President Biden is now safely installed in the White House as the 46th President of the United States, and he’s off to a good start on following through on his campaign promises to our community. For example, this week the President signed an executive order lifting the ban on trans people in the military. Last week he issued a wide reaching executive order to help ensure LGBT equality throughout the country.
There still is work to be done through the executive branch of government which he controls, as well as through the various departments and agencies in the administration, but the true next step falls to Congress: the Equality Act. This is the crown jewel in LGBT civil rights. We are not equal citizens until we have the same rights as others protected by law, not simply executive orders since, as we’ve seen, it only takes a new President to overrule those orders.
One of the huge hurdles to passing the Equality Act is the concept of “religious freedom.” Religion freedom is not a new term. It has been used throughout our history to justify anti-LGBT actions. But it has also been used to discriminate against other groups as well, including to keep interracial couples from marrying and to justify Jim Crow laws.
Now the term is being used to allow those in bakery shops, hotels, senior housing complexes, shelters run by religious organizations, and others from granting LGBTQ people equal access. Simply put: the Equality Act puts LGBT people on a par with those that cannot be discriminated against for race, religion, creed, or national origin. It will help LGBT people to live their lives without fear of discrimination. Of course discrimination will always exist, but these protections will be a huge step in improving the lives of millions of Americans who deserve equal treatment and respect.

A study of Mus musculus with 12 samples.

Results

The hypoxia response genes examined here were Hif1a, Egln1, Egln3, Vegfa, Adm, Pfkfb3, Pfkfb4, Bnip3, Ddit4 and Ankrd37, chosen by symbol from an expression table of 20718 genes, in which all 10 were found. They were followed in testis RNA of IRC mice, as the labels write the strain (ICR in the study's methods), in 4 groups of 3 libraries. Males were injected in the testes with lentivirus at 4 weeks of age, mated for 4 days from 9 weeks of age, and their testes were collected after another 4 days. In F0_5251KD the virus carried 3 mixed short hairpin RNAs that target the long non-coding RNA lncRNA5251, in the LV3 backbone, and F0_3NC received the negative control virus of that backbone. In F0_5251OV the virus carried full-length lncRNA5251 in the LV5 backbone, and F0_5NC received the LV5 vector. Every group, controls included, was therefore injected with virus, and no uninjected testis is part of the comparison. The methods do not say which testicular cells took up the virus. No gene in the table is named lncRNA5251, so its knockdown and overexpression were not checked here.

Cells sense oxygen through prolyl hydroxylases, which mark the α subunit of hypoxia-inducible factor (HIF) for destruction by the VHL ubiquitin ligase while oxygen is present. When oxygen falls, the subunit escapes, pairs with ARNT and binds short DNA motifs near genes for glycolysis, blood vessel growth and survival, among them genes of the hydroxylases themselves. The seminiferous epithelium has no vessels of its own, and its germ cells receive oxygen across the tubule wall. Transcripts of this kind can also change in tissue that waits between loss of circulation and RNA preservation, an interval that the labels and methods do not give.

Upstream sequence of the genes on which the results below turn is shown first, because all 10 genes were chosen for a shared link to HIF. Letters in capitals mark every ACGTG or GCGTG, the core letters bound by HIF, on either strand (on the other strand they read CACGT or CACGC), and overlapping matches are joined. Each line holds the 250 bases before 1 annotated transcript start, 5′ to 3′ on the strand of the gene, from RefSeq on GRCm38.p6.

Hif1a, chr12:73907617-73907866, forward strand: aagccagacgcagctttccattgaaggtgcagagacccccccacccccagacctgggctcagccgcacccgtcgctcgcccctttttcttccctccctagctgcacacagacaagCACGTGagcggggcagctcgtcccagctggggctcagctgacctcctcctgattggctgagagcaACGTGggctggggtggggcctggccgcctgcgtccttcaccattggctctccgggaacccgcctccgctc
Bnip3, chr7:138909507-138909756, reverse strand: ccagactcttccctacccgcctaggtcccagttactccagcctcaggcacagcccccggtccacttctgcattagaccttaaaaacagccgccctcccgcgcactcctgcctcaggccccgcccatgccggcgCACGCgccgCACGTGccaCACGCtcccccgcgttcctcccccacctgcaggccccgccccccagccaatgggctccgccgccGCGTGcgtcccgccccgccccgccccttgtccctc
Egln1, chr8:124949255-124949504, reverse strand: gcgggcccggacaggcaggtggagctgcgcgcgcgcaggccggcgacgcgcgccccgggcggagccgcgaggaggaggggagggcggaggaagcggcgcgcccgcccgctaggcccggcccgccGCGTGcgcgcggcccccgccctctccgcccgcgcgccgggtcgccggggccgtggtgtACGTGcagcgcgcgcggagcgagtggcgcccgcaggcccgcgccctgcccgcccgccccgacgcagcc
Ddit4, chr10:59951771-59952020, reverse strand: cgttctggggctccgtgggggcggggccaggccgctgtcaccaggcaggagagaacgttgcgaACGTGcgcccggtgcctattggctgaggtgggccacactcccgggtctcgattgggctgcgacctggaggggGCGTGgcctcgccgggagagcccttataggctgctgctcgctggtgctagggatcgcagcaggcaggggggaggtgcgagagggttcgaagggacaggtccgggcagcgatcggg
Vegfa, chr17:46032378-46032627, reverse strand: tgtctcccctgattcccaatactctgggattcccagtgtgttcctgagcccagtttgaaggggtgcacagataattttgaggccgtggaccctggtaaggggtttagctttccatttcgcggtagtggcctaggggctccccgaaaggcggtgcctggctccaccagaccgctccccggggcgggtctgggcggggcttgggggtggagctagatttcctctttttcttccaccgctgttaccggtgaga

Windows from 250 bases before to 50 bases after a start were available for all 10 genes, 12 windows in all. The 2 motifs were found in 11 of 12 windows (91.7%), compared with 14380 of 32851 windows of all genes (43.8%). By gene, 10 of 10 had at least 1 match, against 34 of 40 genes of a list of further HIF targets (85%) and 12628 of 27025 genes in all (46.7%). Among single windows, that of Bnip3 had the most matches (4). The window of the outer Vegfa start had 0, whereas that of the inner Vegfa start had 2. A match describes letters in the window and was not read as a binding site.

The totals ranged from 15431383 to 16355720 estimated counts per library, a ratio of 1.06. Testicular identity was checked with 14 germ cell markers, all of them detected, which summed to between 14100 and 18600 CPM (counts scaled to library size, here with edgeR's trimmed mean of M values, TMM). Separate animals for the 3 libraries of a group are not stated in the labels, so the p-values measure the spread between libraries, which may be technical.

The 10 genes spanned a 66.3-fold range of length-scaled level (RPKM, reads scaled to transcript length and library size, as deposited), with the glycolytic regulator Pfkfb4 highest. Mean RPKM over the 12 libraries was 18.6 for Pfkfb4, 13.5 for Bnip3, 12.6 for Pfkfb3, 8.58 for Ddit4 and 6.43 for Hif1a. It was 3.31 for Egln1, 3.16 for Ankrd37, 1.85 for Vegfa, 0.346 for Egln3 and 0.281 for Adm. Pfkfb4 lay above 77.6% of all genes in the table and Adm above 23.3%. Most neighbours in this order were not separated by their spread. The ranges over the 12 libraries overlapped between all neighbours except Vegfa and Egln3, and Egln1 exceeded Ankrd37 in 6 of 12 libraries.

Moving from national politics to the local political arena, it has been said that Brian Sims is not expected to run for re-election for State Rep. At present there are two people from the LGBT community that have expressed interest in the seat, trans activist Deja Lynn Alvarez and Jonathan Lovitz, Senior Vice President of the National Gay Lesbian Chamber of Commerce. They are two outstanding candidates who would serve our community well. There are others who are allies of our community also eyeing the seat. This has the possibility of becoming a crowded field and a race to watch in the next election.
Yes, even though we’ve just gotten through one election, we already need to be paying attention to the next one. We need to make sure our community’s voice is continually heard by both elected officials and candidates. Our issues always matter. We can’t let anyone forget that.